New Leaf Cutter Ant Exhibit at HMNS!


March 18, 2019


Figure 1 New Leaf Cutter Ant exhibit in the Cockrell Butterfly Center Entomology Hall.


There are 47 species of leaf-cutter ants found across parts of the southern US, Mexico, Central and South America. These ants form one of the largest and most complex animal societies on Earth. Their colonies can grow to include millions of individuals. The colony is divided into a hierarchy of castes – each with specific duties within the colony:


Minims are the smallest workers. They will tend to the brood or care for the fungus gardens.
Minors are slightly larger than the minims. They act as the first line of defense and continuously patrol the area around the colony and attack any perceived threats.
Mediae are the foragers. They cut the leaves and bring the leaf fragments back to the nest.
Majors, also known as soldiers, protect the nest from intruders. They also clear foraging paths.




All the ants in the colony are the sterile female offspring of the Queen. Her sole purpose is to reproduce, and in her lifetime (of over 20 years) she can produce millions of eggs. She can be up to 2 inches long- many times larger than any of the workers.

Figure 2 Worker ants carrying cut leaves back to the nest. Author:
Adrian Pingstone (Arpingstone). Source: Wikimedia Commons.


Arguably the most fascinating aspect of leafcutter ants is that the leaves they harvest are not consumed by the ants. Instead, they are chewed up and used to cultivate a specialized fungus that the colony relies on for food. The ants actively cultivate the fungus, feeding it freshly chewed up plant material mixed with saliva and feces and protect it from pests and molds that can damage it. The ants are sensitive to the fungi’s reaction to different types of plant material – if the fungus reacts negatively to a specific type of leaf, the colony will stop harvesting it. There is another player in the ant-fungus partnership, a bacterium that grows on the ants and secrets chemicals that act as antimicrobials. The fungus that grows is spongy in texture and has white to grey coloration. The ants feed on the nutritious and swollen hyphal tips of the fungus. In this regard, the colony is an agricultural society that farms a crop as a food source.


Figure 3 Specialized fungus cultivated by the leafcutter ants to feed the colony. Author:
Christian R. Linder. Source: Wikimedia Commons.


Figure 3 Specialized fungus cultivated by the leafcutter ants to feed the colony.


Waste management is key for each colony’s longevity. The waste transporters and waste-heap workers are the older, more dispensable leafcutter ants, ensuring the healthier and younger ants can work on the fungal garden. The waste, which consists of used substrate, dead bodies and discarded fungus is taken to the waste heap where the heap workers organize the waste and constantly shuffle it around to aid decomposition.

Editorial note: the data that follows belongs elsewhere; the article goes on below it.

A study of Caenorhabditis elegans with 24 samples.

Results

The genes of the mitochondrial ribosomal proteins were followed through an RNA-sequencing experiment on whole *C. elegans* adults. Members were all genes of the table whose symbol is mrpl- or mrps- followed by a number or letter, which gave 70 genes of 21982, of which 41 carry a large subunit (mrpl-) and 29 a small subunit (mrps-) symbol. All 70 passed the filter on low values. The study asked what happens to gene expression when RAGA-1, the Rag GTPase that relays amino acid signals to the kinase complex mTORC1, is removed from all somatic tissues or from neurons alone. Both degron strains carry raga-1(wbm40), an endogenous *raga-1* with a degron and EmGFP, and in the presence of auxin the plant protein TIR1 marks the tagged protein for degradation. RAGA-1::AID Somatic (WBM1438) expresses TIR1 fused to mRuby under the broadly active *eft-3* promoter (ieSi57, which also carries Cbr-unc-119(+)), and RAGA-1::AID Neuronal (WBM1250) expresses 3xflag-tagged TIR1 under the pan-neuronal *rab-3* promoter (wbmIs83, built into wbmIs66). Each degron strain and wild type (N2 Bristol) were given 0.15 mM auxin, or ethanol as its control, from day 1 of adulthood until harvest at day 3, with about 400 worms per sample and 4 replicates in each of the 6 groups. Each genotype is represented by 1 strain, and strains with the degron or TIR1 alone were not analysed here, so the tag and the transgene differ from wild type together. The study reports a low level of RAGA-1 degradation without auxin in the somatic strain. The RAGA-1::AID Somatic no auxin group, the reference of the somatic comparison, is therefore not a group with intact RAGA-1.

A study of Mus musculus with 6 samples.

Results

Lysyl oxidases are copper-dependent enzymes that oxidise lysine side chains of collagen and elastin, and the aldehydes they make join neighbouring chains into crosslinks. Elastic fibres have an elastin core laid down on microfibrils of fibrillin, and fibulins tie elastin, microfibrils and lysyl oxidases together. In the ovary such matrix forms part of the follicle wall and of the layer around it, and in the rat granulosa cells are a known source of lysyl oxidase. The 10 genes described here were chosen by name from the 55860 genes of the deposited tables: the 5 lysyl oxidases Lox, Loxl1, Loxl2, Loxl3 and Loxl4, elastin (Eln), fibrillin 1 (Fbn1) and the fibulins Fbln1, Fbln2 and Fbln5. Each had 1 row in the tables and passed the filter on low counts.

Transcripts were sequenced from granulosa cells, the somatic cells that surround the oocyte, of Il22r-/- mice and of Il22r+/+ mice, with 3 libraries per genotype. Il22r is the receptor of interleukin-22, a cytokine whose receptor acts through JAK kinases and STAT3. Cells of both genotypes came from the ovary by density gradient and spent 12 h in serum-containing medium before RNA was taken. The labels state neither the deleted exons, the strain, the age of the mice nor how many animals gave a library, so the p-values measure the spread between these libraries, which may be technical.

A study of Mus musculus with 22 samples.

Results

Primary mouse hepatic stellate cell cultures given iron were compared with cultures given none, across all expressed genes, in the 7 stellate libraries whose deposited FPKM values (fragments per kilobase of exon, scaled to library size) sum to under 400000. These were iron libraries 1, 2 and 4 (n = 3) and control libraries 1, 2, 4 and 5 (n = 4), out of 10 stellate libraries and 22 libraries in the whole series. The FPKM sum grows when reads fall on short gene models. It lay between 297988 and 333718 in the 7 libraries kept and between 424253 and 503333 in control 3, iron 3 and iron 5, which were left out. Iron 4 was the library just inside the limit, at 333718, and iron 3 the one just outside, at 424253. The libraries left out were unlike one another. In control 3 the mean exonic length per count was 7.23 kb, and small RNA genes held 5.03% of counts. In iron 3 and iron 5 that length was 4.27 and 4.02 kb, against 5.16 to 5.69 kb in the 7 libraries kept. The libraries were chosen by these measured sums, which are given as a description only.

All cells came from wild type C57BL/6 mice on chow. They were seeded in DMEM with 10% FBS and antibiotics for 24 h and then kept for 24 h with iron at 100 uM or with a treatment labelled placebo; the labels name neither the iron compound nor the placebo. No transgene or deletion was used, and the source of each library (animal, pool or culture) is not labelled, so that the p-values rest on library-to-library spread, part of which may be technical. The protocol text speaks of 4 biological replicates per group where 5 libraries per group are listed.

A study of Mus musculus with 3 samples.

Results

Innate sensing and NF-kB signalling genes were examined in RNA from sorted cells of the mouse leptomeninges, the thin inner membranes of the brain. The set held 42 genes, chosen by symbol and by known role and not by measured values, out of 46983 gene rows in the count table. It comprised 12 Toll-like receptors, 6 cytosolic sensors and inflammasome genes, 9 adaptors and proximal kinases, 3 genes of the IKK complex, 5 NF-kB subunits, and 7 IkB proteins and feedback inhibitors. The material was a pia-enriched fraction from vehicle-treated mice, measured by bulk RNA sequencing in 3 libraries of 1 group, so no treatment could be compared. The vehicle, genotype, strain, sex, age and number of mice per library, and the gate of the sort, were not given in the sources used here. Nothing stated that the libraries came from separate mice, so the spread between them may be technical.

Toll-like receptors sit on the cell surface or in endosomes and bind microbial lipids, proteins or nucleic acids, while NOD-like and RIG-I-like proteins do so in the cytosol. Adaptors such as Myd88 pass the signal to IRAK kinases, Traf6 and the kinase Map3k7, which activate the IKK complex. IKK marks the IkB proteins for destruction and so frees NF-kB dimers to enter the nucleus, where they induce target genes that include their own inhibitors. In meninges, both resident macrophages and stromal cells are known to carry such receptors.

Colony reproduction takes place in mature colonies when winged reproductive male and female ants are produced by the Queen. The winged females and males leave their nests and engage in a massive nuptial flight. Each female mates with multiple males to collect the 300 million sperm she needs to set up a colony. Once on the ground, the female will lose her wings and search for a suitable spot to found her colony. The success rate of these young queens is very low, and only 2.5% will go on to establish a long-lived colony. To start her own fungus garden, the young queen stores bits of the parental fungus garden in a cavity within her mouth.

Figure 4 Atta cephalotes castes. A winged reproductive female is seen on the far right.


In the new CBC leafcutter ant exhibit, you can watch each caste of worker carry out their specific tasks. You can see the ants using their jaws to cut sections of leaves from the foraging area and then travel along a twisting vine back to the nest. Inside the nest boxes, you will see ants chewing up the leaves to add to the fungal garden while others clean and tend to the existing fungus. You will also observe the brood being groomed and fed within the nest. Soldiers with huge jaws will be seen patrolling the nest boxes ready to protect the colony from intruders. Lookout for the garbage dump, where ants condemned to work there collect waste and dead bodies to keep the colony clean and disease free. If you are lucky, you may even catch a glimpse of the Queen surrounded by workers as she produces eggs to grow the colony. Come check it out!

Further Reading:

How Long Do Butterflies Live: New Data From The Butterfly Center Gives Us Some Answers

International Treasure Trove Discovered Right Here At The Cockrell Butterfly Center! (Kind Of…)

Bell Peppers, Bananas and Beer: The Cockrell Butterfly Center’s Grocery List

Bug Love! The Art Of Finding a Mate in the Insect World

Celeste
Authored By Celeste Poorte

Celeste is the Butterfly Rearing Coordinator in the Cockrell Butterfly Center.